Last year, President Barack Obama said he would only approve the Keystone XL pipeline only if it "does not significantly exacerbate the climate problem." From the moment they heard those comments, the pipeline's opposers set out to prove that its development would pollute the environment.
The Carbon Tracker Initiative on Thursday released a report, Keystone XL: The "Significance" Trap. It's a direct response to the State Department's Final Supplemental Environmental Impact Statement (FSEIS) on Keystone XL, which stated that the construction “unlikely to significantly impact the rate of extraction in the oil sands.”
The report shows that the $8-plus cost advantage Keystone XL would bring over other options like rail makes the pipeline all the more alluring to its developers and provides them more reasons to overlook the environmental impact.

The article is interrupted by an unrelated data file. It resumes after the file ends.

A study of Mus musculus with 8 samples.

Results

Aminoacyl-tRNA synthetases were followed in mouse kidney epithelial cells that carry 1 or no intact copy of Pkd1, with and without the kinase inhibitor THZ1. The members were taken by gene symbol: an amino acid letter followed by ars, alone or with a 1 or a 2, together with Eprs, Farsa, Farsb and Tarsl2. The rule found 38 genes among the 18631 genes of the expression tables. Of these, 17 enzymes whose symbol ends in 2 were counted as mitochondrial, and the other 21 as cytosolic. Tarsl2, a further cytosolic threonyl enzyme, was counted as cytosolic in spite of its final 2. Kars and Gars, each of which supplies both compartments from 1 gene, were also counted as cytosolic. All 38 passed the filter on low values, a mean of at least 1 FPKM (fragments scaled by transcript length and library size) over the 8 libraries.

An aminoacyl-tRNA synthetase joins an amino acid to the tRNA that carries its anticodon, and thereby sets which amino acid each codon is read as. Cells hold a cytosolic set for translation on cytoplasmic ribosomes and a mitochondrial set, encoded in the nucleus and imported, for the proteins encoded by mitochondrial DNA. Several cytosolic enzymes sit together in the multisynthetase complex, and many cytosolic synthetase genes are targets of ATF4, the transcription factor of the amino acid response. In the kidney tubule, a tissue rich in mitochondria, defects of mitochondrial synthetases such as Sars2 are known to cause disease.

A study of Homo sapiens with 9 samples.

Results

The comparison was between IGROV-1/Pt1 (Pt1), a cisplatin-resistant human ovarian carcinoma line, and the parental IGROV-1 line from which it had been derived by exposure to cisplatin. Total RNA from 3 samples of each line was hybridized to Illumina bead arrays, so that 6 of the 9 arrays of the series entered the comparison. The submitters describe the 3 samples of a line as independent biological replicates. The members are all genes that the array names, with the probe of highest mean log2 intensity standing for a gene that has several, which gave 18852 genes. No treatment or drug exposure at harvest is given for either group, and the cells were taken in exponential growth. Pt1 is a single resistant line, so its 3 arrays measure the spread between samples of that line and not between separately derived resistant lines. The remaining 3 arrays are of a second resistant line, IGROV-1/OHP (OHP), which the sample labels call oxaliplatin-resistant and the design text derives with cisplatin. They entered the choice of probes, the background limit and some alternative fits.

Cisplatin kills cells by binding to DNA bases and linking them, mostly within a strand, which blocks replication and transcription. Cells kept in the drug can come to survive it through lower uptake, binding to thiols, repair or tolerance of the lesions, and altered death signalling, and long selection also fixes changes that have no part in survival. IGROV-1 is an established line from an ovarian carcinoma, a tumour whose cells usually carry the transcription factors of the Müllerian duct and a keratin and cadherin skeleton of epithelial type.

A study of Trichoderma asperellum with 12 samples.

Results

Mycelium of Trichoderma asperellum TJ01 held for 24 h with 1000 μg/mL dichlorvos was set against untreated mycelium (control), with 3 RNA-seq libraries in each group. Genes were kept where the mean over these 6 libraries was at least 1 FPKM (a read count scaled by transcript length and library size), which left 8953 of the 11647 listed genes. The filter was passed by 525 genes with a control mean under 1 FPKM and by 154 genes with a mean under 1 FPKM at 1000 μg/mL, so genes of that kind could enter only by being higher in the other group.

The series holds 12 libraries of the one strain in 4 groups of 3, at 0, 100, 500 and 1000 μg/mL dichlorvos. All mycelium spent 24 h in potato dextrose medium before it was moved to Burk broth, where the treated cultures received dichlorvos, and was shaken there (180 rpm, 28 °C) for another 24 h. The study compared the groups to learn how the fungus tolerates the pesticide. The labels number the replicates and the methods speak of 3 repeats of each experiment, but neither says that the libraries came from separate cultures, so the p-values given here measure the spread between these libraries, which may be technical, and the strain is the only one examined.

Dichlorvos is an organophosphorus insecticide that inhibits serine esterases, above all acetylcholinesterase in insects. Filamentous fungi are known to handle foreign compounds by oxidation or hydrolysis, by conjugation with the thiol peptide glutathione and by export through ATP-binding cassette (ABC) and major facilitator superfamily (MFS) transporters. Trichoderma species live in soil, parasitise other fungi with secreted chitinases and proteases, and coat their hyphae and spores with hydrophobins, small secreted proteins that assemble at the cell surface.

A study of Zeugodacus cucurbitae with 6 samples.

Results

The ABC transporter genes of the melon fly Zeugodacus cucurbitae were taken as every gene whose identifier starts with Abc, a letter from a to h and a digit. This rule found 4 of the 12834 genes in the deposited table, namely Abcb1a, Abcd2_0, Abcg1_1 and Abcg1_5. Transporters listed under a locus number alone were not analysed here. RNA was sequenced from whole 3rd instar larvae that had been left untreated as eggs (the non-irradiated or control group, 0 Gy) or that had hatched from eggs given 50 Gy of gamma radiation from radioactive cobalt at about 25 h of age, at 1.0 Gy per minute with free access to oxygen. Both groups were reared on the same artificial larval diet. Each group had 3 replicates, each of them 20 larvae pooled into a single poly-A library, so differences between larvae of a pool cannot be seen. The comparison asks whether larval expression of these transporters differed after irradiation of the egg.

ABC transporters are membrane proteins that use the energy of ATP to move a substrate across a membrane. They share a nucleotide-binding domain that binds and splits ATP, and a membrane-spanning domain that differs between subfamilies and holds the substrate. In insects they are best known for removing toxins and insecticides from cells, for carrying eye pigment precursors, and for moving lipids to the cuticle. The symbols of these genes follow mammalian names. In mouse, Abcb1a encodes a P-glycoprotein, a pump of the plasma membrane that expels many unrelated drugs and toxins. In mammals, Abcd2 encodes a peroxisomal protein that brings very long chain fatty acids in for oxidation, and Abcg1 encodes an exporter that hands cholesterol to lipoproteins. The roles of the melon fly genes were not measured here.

Visit EcoWatch’s KEYSTONE XL page for more related news on this topic.
In June, New York Times journalist Andy Newman wrote an article titled, "If seeing the world helps ruin it, should we stay home?" In it, he raised the question of whether or not travel by plane, boat, or car—all of which contribute to climate change, rising sea levels, and melting glaciers—might pose a moral challenge to the responsibility that each of us has to not exacerbate the already catastrophic consequences of climate change. The premise of Newman's piece rests on his assertion that traveling "somewhere far away… is the biggest single action a private citizen can take to worsen climate change."